There is wisdom in slowing down, because that shift in motion might allow us notice a different path hiding in the obviousness of the familiar. But what could it mean to slow down in times of urgency? And what are the conditions that make ‘slowing down’ a sensible (or sensuous) response to the many recalcitrant crisis events that are proving resistant to resolution?
Many scientists think our peculiar period of human-engineered landscapes deserves a specific label – one which emphasizes just how much the world has been irreparably altered by human activity. The name, Anthropocene, serves this alarming function of reminding us that we are in trouble, but more importantly the term asks us to rethink everything we imagined to be true or granted. We are learning that we are not only fully in nature, but that nature is fully in us; we are learning to see that humans are not discrete or solitary actors in the world, but immersed in, instigated by, and in touch with the environment. This realization constitutes a burden on neoliberal and humanist figures of the activist, and calls to question the assumptions associated with the confidence that we can unilaterally respond to our collective troubles or “save the day”.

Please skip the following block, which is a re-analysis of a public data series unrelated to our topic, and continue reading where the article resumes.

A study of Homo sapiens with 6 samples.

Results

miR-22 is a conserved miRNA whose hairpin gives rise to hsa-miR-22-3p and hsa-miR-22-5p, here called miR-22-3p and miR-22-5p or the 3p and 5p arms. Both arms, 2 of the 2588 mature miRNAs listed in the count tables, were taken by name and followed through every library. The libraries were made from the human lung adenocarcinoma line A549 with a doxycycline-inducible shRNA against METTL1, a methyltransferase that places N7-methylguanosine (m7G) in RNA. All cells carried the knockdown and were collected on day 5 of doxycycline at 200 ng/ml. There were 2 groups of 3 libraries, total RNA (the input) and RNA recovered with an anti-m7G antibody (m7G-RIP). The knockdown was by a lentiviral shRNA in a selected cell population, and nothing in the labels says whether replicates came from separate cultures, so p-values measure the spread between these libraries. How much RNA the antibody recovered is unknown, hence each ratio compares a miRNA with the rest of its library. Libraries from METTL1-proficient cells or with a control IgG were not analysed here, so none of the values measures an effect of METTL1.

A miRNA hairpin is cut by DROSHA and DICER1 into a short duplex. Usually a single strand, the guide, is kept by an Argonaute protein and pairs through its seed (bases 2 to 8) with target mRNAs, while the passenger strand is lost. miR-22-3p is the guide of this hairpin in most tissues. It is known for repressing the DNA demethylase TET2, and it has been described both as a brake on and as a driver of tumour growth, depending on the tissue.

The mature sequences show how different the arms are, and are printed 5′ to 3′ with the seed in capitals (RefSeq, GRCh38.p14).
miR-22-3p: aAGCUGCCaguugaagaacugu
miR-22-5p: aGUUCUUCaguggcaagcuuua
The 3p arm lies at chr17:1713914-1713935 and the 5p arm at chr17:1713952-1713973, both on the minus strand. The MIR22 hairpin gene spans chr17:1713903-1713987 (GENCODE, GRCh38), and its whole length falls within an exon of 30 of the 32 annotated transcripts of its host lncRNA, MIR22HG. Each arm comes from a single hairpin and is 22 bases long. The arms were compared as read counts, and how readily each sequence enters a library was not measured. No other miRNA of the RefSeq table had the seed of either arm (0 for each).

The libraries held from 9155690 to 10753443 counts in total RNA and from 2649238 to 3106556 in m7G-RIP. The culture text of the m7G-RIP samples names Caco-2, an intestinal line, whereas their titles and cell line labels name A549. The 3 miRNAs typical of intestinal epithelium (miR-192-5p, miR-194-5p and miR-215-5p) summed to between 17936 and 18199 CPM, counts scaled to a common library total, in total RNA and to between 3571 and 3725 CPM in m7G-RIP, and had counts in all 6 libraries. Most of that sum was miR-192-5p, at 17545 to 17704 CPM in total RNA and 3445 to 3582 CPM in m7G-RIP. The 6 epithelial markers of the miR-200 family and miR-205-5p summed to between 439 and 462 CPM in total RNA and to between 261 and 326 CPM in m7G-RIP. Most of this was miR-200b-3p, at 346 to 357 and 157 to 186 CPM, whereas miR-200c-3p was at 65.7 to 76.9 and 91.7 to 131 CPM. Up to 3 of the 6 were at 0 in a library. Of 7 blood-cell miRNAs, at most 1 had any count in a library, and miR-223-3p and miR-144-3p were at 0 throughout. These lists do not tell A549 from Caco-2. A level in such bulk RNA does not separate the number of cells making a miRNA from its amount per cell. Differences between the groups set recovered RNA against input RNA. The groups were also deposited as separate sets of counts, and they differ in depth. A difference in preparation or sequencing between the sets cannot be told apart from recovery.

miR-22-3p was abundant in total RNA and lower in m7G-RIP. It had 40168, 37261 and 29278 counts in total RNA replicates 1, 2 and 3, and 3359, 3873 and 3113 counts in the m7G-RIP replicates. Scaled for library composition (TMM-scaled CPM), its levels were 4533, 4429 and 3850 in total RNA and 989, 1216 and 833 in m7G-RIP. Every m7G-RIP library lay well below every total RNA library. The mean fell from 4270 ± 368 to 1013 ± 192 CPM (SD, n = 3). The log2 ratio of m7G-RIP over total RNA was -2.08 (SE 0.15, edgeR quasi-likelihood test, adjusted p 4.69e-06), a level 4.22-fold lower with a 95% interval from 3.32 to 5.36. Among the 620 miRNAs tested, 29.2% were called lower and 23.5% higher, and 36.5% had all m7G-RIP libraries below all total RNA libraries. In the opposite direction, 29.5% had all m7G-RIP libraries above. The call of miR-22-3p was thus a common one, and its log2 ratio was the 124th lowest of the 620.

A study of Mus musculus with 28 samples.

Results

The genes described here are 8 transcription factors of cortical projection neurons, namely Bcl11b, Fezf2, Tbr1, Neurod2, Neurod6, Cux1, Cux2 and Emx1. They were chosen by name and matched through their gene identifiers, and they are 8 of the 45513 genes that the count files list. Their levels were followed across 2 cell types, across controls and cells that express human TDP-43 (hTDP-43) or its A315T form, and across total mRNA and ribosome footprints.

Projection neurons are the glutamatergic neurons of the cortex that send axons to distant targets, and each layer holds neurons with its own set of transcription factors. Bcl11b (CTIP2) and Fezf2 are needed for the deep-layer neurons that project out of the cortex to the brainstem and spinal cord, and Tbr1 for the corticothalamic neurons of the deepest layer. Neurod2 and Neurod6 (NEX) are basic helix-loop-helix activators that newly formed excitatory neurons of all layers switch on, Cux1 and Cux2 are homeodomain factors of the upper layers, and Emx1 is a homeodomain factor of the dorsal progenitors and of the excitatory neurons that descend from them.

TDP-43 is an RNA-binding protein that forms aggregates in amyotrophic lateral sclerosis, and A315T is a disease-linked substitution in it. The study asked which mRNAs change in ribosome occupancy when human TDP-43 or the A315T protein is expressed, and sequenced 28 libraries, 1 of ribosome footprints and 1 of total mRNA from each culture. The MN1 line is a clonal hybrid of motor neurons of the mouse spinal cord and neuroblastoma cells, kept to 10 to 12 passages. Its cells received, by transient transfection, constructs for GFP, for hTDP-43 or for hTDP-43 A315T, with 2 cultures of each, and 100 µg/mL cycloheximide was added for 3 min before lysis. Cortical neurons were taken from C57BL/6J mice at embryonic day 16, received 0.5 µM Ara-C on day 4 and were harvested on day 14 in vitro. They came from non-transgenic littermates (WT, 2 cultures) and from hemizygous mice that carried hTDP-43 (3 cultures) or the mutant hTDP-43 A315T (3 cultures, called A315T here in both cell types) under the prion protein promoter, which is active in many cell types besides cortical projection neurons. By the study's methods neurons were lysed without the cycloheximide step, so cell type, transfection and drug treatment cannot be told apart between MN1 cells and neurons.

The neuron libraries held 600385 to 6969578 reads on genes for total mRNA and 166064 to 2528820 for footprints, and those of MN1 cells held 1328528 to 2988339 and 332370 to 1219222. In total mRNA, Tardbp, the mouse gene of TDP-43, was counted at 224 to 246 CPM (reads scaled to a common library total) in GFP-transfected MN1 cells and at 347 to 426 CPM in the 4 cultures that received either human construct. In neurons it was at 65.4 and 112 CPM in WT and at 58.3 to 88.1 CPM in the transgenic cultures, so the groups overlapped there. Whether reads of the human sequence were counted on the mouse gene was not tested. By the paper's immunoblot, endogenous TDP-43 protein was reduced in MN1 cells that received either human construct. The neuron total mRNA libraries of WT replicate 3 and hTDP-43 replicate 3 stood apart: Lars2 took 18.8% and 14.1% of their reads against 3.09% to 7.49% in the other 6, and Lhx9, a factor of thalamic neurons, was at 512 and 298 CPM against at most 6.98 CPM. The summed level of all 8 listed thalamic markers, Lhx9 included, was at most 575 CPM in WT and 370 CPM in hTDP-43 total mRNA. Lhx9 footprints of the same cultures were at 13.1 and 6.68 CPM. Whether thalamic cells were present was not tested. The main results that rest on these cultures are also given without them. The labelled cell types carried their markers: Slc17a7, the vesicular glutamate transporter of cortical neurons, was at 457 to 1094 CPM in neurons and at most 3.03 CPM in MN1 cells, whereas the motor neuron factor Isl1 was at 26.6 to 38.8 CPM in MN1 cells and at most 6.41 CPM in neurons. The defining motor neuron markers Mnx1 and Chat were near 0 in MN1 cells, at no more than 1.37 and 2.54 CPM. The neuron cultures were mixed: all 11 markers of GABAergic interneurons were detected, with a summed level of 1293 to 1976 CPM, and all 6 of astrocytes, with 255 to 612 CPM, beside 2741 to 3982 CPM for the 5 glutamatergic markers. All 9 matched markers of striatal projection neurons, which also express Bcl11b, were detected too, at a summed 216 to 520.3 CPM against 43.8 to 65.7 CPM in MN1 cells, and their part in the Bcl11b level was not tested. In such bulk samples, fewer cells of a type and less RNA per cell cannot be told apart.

Bayo Akomolafe asks: “What if the way we respond to our problems is part of the problem?” What questions are possible today? What if the way we act actually serves to reproduce the same conditions we are striving to escape? And are there particular configurations of ideas and bodies that can open us up different modes of thinking and engagement?
This talk and ritual session is about a ‘postactivism’ that invites new practices by reconfiguring specific situations in post-human(ist) senses, thereby cleaving open new arrangements of power.